WikiLeaks: Irish govt thought Tony Blair ‘too soft’ with Sinn Fein


A leaked cable reveals that a senior Irish official expressed concern that Tony Blair was "too soft" with Sinn Fein to a senior U.S. diplomat, according to the Belfast Telegraph.
 
The cable is dated June 1, 2005 -- only weeks after Blair secured his third election victory -- and states that Michael Collins, secretary general in the Taoiseach's office, said that Sinn Fein was aware that it was the British prime minister's "last lap" and that the party may seek to take advantage.
 
Collins also remarked that Blair was eager to make peace in Northern Ireland the defining theme of his legacy.
 
"He said the GOI (Government of Ireland) was pleased at PM Blair's re-election, and that Sinn Fein is aware that this is Blair's 'last lap,'" states the cable.
 
"That, he said, plays both ways - that no successor is likely to be as engaged in the process as Blair, and that he represents their best hope of a deal.
 
"On the other hand, Sinn Fein also believes they could take advantage of Blair's interest in getting a deal before leaving office."
 
The comments were reportedly made during a visit by U.S. Special Envoy Mitchell Reiss to Ireland between May 19 and 22, 2005.
 
The cable, which was written by then US ambassador to Ireland James Kenny, notes that it represents a switch in policy.
 
"GOI concerns about UK 'softness' represent a role reversal,"Kenny writes. "Usually, it is the UK that is concerned Ireland will be too accommodating to Sinn Fein."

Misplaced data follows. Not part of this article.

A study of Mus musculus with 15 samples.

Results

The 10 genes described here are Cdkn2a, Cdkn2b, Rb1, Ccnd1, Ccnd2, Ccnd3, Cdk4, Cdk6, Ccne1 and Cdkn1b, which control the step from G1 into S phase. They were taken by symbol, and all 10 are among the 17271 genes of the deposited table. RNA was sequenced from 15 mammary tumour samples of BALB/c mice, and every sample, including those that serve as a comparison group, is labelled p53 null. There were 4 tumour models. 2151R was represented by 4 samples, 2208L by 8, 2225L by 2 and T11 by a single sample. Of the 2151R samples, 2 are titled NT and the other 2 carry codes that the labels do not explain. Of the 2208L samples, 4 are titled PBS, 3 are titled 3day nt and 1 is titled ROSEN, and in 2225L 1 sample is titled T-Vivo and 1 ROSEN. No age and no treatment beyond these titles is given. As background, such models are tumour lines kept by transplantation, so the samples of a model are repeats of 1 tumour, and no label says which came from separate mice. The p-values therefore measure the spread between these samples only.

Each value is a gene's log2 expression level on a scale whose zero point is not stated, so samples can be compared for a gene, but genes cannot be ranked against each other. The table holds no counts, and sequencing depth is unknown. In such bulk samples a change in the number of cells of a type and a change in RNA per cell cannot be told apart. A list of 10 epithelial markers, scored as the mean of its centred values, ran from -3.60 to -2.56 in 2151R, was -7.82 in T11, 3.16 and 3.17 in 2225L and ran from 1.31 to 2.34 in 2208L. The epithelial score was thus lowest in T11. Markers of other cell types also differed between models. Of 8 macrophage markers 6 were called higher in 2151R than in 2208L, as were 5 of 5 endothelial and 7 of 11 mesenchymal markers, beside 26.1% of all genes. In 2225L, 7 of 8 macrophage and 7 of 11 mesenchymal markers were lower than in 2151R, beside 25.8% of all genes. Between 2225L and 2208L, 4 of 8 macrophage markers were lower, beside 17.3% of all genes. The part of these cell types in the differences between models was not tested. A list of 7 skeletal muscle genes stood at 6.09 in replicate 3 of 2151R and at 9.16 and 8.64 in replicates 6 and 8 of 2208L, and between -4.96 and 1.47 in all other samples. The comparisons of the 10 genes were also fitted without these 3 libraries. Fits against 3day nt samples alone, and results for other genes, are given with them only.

Kenny also states that the Irish government's eventual position will depend on Taoiseach Bertie Ahern who had been "generally considered softer" on the Provisional republican movement than either of his two key cabinet ministers.
 
During the visit, Reiss also met with senior government ministers Dermot Ahern, Michael McDowell and Brian Cowen.
 
"[Foreign Minister] Ahern was adamant that the Irish government was interested in a comprehensive deal only, and was concerned that the UK might be open to Sinn Fein's desire to cut a side deal with London," the cable states.
 
Then Justice Minister McDowell - who is described by Kenny as "always the hardest hitting of the Irish cabinet" - offered his experience on how best to deal with the Provisionals.
 
"McDowell said some lessons had been learned about how to deal with them - you only get concessions from the Provisionals when you put your hand on their throat," the cable states.
 
"When you play their propaganda game, they press for concessions."
 
The dispatch says that McDowell warned that the Irish government was not in appeasement mode, and should offer a cold shoulder to the Provisionals.
 
"Sinn Fein, he said, is 'asking for warm words' but [the] governments should not offer them," the cable continues.
 
The cable also stated that McDowell had warned Northern Ireland Secretary Peter Hain against any "side deals" with the Provisionals.